Image credit: Hannah Miller, UCUs
Just over a year ago I switched sectors moving from funded researcher to a research manager, or poacher to gamekeeper as a colleague quipped on my first day. My first task on joining JRF was to take over managing a study led by Dr Ruth Patrick, part of the COVID-19 Realities team. This participatory research project examined claimants’ experiences of the roll-out of Universal Credit (UC) in Northern Ireland. I quickly learnt a lot about managing participatory research. Top of the list is that flexibility is key.
Funding participatory research
Successful participatory research requires a flexible approach to funding. It involves covering costs not routinely included in funding applications. The UC in Northern Ireland team conducted the study pre-pandemic. They brought people physically together to share their experience and expertise. To facilitate this, the research team needed a budget to remove barriers to participation. Participants’ needs varied from the cost of a taxi to the venue to reimbursement of childcare costs.
If we were to commission the project now, we would reflect upon barriers to online participation. The APLE Collective recently highlighted the digital exclusion faced by low-income groups. We might need to provide funds for equipment, cover the costs of data or Wi-Fi or pay for technical support.
The research team needed to recognise participants’ contributions. There are challenges here, particularly when working with people receiving social security benefits. Funders need to work with research teams to decide on the most appropriate form of payment. This is usually a voucher rather than cash. They also need to agree a level which thanks people for participating but is not intended to pay them directly for time spent working on a project.
Participatory projects require funding to create a space where people felt comfortable working together. This often involves sharing food and drink. For the UC in Northern Ireland project, a well-known pizza chain proved to be particularly popular! But it can also involve bringing in people with creative skills to capture the group’s experiences. JRF covered the costs of bringing in a graphic designer and an illustrator (Hati Illustrations). They worked with the group to produce a leaflet capturing the group’s journeys through UC. As the illustrator put it in a recent blog, her drawings became “their voices”.
Embracing the benefits of participatory research
Funders also need to be flexible in relation to project milestones. It is easy to underestimate the time needed to do participatory research. It requires an incredible amount of attention to detail to make sure participants are clear about their contribution. Once up and running, providing support is time-consuming but crucial. Research teams need to invest time making sure all the practical arrangements are in place. Funders need to recognise this when approving project costs. Crucially, they also need to be aware that projects may not always proceed as planned.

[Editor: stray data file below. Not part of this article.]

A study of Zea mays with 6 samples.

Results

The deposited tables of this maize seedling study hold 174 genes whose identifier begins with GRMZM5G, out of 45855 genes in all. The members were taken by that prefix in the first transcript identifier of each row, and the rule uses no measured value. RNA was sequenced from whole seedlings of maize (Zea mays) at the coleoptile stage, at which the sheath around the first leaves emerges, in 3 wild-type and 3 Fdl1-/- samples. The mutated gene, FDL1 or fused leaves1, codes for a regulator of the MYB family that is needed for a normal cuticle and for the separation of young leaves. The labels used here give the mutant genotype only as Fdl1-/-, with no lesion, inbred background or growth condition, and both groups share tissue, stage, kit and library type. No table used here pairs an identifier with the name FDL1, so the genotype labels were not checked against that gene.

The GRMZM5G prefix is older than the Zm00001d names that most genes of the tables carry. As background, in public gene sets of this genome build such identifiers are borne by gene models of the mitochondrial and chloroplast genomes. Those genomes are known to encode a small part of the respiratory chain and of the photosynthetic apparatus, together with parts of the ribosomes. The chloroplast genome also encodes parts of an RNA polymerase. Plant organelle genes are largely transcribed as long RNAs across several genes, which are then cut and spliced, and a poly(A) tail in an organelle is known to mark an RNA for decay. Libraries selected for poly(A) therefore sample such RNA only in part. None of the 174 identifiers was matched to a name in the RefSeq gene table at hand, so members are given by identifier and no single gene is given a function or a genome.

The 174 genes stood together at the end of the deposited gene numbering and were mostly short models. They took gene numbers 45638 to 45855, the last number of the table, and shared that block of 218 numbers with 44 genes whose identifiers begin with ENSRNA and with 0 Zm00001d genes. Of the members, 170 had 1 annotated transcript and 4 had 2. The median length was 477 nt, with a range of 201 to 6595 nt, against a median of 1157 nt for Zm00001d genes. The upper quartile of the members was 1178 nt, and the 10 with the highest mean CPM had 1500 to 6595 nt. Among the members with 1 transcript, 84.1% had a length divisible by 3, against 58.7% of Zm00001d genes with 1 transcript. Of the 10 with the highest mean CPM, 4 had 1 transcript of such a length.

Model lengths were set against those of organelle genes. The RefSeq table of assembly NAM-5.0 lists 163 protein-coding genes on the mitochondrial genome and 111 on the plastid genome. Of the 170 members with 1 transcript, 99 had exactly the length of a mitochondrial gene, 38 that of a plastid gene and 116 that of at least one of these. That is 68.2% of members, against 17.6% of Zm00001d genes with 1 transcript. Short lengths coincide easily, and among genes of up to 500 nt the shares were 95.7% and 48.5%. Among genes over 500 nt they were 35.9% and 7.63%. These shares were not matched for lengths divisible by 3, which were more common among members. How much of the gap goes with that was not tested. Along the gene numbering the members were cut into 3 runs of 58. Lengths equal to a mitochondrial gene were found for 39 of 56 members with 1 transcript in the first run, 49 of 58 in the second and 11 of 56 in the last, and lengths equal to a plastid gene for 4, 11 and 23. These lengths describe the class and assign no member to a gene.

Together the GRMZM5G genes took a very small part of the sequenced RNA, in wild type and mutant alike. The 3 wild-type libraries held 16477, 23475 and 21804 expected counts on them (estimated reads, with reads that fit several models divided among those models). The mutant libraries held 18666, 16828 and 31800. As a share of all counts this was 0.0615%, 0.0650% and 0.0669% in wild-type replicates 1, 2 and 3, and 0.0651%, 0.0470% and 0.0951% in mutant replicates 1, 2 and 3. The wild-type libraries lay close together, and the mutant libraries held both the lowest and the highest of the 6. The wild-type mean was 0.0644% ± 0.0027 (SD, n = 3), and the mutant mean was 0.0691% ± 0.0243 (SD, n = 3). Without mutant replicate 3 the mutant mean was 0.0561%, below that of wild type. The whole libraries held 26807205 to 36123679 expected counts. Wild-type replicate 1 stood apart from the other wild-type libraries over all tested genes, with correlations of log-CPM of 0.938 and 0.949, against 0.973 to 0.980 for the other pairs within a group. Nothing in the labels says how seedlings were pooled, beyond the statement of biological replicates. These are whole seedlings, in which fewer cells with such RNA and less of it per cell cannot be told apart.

Flexibility is not just about accommodating delays. It is also about allowing the participants to make key decisions about what they want to achieve. The decision to produce a leaflet in the UC study came from the group. The research team had not included it in their original proposal. A rigid approach to project management doesn’t allow research teams to embrace the potential of participatory research.
Funders can benefit enormously from commissioning participatory research. For example, JRF has been able to draw upon the credible evidence the UC research provided, and the grounded policy solutions developed. We have included these in our responses to government consultations. We’ve also benefited from an ongoing relationship with UC: Us, a group which arose out of the project.
As a research manager, supporting participatory research involves more than managing a contract. It requires working closely with the research team to address the practical, ethical, and methodological challenges participatory research presents whilst taking advantage of the opportunities it offers. Flexibility is key to this.
Dr Emma Wincup is based in the Evidence and Impact team at the Joseph Rowntree Foundation and has specific responsibility for qualitative research projects. Her role involves commissioning and managing external projects, alongside developing JRF’s expertise in qualitative research.